New LOSOM policy closer to being implemented
Posted at 5:59 PM, Aug 17, 2022
and last updated 2022-08-17 18:15:56-04

ST. LUCIE COUNTY, Fla. — It has not been a "lost summer" on the Treasure Coast in 2022.

No beach closures or canals clogged with toxic algae thanks to a lack of freshwater discharges from Lake Okeechobee.

But how long can that good fortune last?

Beachgoer Walt Stefanski noticed it.

"The water is actually clear," he said. "My daughter just went out 50 yards and she can see the bottom."

Fisherman Fred Scuder also sees water improvements as he waits to cast a line at the Jensen Beach Causeway.

"A little better this year," Scuder said. "We're finding trout a little bit closer."

Without freshwater discharges from Lake Okeechobee, the water has been cleaner — and clearer — east of the Lake.

The lake's current status at 12.79 feet is also good for this time of year, diminishing the chances of discharges moving forward.

"It's extremely unlikely, probably less than 10%," Martin County ecosystem manager John Maehl said.

Maehl has spent the past four years working with the Army Corps of Engineers as they craft a new LOSOM plan. LOSOM stands for Lake Okeechobee System Operating Manual.

"Ninety-five percent of the time, the St. Lucie would have no releases under the new lake schedule," Maehl said.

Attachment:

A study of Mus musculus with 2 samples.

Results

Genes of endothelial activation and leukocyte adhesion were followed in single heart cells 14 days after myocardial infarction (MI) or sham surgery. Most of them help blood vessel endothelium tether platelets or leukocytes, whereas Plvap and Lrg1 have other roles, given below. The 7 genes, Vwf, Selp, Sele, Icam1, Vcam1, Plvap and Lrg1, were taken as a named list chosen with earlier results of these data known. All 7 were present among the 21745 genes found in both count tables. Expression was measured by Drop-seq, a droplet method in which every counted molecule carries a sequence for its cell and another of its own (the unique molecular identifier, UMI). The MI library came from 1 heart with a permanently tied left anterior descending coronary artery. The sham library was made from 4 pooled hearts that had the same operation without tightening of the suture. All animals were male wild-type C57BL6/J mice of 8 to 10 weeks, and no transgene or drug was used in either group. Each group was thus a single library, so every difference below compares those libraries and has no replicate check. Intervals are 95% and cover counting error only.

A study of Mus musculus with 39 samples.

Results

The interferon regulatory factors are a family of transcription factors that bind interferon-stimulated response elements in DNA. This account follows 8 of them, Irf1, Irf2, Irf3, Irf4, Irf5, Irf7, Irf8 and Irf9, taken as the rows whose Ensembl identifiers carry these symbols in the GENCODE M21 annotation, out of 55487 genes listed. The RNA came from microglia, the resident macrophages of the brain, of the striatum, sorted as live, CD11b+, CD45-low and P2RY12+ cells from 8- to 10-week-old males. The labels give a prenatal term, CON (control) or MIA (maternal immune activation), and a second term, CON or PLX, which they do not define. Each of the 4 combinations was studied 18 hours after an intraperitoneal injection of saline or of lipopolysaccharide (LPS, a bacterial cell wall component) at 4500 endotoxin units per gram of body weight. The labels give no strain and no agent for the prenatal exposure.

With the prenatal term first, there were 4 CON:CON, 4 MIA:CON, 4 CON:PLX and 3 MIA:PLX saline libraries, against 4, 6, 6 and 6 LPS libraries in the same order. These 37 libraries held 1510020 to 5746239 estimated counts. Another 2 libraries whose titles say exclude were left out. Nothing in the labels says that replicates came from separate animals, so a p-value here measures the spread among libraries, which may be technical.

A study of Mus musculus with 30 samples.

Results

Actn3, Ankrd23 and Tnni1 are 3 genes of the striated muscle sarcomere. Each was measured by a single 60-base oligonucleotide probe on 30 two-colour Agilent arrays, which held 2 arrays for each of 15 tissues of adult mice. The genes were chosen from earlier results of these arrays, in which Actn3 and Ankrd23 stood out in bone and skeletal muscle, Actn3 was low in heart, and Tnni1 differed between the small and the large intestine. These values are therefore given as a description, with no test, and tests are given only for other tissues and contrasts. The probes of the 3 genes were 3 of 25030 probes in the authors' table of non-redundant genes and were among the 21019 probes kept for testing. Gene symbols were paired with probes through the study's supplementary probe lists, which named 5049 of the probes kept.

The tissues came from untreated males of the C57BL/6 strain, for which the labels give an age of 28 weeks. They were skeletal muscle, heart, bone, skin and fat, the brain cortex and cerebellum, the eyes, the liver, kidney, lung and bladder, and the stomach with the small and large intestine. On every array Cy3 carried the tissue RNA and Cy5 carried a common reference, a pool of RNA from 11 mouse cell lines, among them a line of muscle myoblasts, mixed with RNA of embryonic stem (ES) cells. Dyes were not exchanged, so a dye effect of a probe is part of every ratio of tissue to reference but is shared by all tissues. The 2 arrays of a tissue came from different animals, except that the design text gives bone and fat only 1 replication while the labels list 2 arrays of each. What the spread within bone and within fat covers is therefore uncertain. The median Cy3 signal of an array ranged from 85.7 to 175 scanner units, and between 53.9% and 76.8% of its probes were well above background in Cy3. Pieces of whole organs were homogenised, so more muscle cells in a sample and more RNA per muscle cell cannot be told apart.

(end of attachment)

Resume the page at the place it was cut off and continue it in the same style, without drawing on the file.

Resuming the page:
The Army Corps met with area environmentalists and county leaders Wednesday at Stuart City Hall to talk about the next steps forward.

LOSOM is the Corps balancing act between a healthy lake and a healthy St. Lucie Estuary.

The most recent draft did raise some concerns about the phrase "lake recovery, meaning more discharges coming east if the lake gets to 17 feet.

"How this plan will impact when we get to those high-level stages, when we get a couple of tropical storms and the lake gets to that 17-foot mark," Stuart Mayor Merritt Matheson said.

It has been a give and take between the Corps and interested stakeholders as they near the finish line.

"While we always aspire to zero releases at the S-80 or St. Lucie Lock, we're not there, but this is a step in the right direction," Maehl said.

A final plan will be presented in February with the new LOSOM policy, which will last for 10 years, likely to take effect in April 2023.